A story has recently come from the Olympics in Rio de Janeiro, Brazil; Lebanese participants blocked Israeli Jews from getting on a bus. Lebanese athletes were already on the bus and they refused to share.
The Lebanese team in these Olympic games will always be remembered as the people who kept the Jews off the bus, and that will overshadow anything else they do. It’s all about a brief conversation at the door of a bus.
This is one of those issues that will never go away. In our times, stories are recorded and published, and the interesting ones stay with us forever. Nothing can be done in a corner anymore because informal news comes from cameras in cell phones, and it travels quickly to the whole world, through venues like Twitter and You Tube.
For official journalism, this incident happened at the Olympics, while the whole world was watching. The popular saying is ”all eyes are on Brazil.” The Olympics always attract large numbers of news reporters who desperately need something to write about. And especially for these games, the world is oversensitive about Muslims behaving badly. There is a great concern about Islamic terrorism.
Into that mix add the Olympic spirit, where nations that could be at war put their differences aside and compete in a friendly and civilized way. Most people in the world can think of someone they don’t like, which is why the Olympics were invented. We all compete peacefully and fairly, and we show respect for everyone else.
Openly violating those principles is jarring, especially coming from invited guests who are visiting someone else’s country. There have been calls to send the Lebanese team home. Their bad judgment shows that they do not understand the modern world, where a brief conversation can become world news, in a few hours.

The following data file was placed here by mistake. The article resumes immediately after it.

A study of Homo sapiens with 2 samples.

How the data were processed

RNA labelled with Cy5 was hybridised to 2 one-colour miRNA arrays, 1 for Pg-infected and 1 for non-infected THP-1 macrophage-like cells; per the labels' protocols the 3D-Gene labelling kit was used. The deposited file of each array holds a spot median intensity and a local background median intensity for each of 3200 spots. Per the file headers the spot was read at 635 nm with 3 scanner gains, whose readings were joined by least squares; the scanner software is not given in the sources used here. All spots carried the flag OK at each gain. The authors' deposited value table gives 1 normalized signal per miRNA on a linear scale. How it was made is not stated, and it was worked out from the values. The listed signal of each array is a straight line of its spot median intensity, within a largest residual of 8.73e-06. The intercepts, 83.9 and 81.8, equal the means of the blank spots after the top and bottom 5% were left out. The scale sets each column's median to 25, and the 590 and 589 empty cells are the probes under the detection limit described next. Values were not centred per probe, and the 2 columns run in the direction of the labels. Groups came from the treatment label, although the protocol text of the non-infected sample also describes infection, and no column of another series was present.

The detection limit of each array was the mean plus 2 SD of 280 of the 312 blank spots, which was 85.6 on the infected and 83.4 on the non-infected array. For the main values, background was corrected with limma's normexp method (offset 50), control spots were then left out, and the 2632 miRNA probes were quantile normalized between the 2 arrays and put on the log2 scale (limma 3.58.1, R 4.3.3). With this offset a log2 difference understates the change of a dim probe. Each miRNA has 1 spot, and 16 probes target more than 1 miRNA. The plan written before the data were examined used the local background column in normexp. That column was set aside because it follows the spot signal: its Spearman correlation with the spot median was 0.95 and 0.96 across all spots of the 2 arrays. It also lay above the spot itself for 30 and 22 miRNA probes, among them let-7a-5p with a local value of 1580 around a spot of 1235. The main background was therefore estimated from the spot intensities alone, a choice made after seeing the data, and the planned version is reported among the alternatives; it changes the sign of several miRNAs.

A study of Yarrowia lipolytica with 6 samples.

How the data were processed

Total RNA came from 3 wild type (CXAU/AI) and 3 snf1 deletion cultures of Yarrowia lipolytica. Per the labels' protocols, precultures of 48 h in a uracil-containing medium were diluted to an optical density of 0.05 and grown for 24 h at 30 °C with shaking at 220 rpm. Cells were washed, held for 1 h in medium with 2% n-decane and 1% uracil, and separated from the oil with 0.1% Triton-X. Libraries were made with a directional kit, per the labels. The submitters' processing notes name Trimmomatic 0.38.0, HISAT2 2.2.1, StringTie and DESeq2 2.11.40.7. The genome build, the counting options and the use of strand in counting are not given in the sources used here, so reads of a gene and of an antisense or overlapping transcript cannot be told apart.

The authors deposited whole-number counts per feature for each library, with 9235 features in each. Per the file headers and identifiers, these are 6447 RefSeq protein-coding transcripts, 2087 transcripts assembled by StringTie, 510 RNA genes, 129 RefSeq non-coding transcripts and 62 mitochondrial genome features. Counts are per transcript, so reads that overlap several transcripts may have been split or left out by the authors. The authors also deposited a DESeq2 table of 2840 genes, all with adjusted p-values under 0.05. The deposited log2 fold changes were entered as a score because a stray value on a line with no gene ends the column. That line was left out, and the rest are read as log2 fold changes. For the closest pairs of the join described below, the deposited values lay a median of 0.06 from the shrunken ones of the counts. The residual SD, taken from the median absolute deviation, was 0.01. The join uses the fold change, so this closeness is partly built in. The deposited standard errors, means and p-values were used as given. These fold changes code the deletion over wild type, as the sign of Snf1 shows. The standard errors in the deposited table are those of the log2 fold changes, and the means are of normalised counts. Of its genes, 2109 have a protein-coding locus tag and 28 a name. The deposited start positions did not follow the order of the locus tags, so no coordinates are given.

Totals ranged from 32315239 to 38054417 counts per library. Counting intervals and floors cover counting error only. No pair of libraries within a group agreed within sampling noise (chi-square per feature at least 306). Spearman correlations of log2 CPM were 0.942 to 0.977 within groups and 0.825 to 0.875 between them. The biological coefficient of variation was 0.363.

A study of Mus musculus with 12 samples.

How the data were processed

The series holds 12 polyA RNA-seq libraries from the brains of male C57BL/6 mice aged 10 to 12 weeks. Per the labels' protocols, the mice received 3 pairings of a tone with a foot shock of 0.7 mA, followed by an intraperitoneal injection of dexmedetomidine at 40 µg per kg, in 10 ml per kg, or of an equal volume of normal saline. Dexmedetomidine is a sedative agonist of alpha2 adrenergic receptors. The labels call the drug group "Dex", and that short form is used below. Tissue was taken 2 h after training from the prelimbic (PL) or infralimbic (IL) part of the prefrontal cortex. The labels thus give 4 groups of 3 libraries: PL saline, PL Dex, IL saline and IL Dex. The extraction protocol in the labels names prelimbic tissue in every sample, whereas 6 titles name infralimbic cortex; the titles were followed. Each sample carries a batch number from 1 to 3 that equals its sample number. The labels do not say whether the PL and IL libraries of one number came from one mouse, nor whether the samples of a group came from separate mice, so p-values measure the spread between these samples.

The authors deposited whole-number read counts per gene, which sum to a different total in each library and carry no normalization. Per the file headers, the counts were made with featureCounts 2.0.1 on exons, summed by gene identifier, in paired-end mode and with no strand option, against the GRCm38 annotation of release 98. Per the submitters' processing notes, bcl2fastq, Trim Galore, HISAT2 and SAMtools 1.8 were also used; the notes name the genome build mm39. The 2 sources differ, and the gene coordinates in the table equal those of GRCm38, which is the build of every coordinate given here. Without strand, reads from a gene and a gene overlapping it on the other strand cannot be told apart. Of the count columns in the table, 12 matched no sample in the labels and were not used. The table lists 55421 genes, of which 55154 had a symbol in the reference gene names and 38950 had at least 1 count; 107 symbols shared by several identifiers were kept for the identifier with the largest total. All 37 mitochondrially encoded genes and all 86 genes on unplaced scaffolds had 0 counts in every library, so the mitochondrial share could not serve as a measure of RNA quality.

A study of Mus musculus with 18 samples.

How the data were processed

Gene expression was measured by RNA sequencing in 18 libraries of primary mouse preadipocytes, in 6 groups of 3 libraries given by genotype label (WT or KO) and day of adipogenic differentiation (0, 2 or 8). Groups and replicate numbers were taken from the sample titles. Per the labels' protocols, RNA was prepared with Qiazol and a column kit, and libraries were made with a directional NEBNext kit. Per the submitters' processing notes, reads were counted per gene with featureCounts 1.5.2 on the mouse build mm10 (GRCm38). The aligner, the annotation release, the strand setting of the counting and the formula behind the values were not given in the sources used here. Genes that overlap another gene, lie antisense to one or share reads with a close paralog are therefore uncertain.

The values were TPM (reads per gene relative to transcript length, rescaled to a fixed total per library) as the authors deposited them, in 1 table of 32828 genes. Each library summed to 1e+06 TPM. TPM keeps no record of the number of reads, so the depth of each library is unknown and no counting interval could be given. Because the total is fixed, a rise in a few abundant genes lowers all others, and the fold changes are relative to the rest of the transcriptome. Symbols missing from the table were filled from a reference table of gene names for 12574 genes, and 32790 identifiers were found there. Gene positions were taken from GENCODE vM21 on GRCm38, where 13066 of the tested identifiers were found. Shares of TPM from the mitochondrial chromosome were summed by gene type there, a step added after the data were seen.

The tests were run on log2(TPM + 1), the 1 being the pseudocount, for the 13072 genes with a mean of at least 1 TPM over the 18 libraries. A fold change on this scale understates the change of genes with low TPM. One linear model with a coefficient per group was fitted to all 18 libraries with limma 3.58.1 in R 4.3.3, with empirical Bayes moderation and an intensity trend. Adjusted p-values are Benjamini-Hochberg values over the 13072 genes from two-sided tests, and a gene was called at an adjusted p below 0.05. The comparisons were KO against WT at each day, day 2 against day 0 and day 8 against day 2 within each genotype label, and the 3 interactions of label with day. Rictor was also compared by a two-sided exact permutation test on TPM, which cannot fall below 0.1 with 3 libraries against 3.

So what does this incident teach us?
Prejudice is everywhere, and it can no longer be kept secret. Chauvinism and prejudice that was unchallenged for centuries is now hitting a wall of opposition. Most of the world does not tolerate behavior that used to be common in small villages. Now we can’t hide our actions and there is no isolation; the cameras are everywhere.
The Bible says “have nothing to do with the unfruitful actions that darkness produces. Instead, expose them for what they are.” (Ephesians 5:11). We are not told to criticize, just to expose so that people can form their own opinions. Exposure is easy now, with a camera on every phone, and every phone connected to the Internet.
In our wired world, we are all approaching a judgment day where nothing can be hidden or explained away, and this revolution will shake the world. Most people don’t know that the world has moved.
I’m sure the Lebanese team missed the point.
As Jesus promised: “The time is coming when everything that is covered up will be revealed, and all that is secret will be made known to all. Whatever you have said in the dark will be heard in the light, and what you have whispered behind closed doors will be shouted from the housetops for all to hear! ” (Luke 12:2-3) We are there now.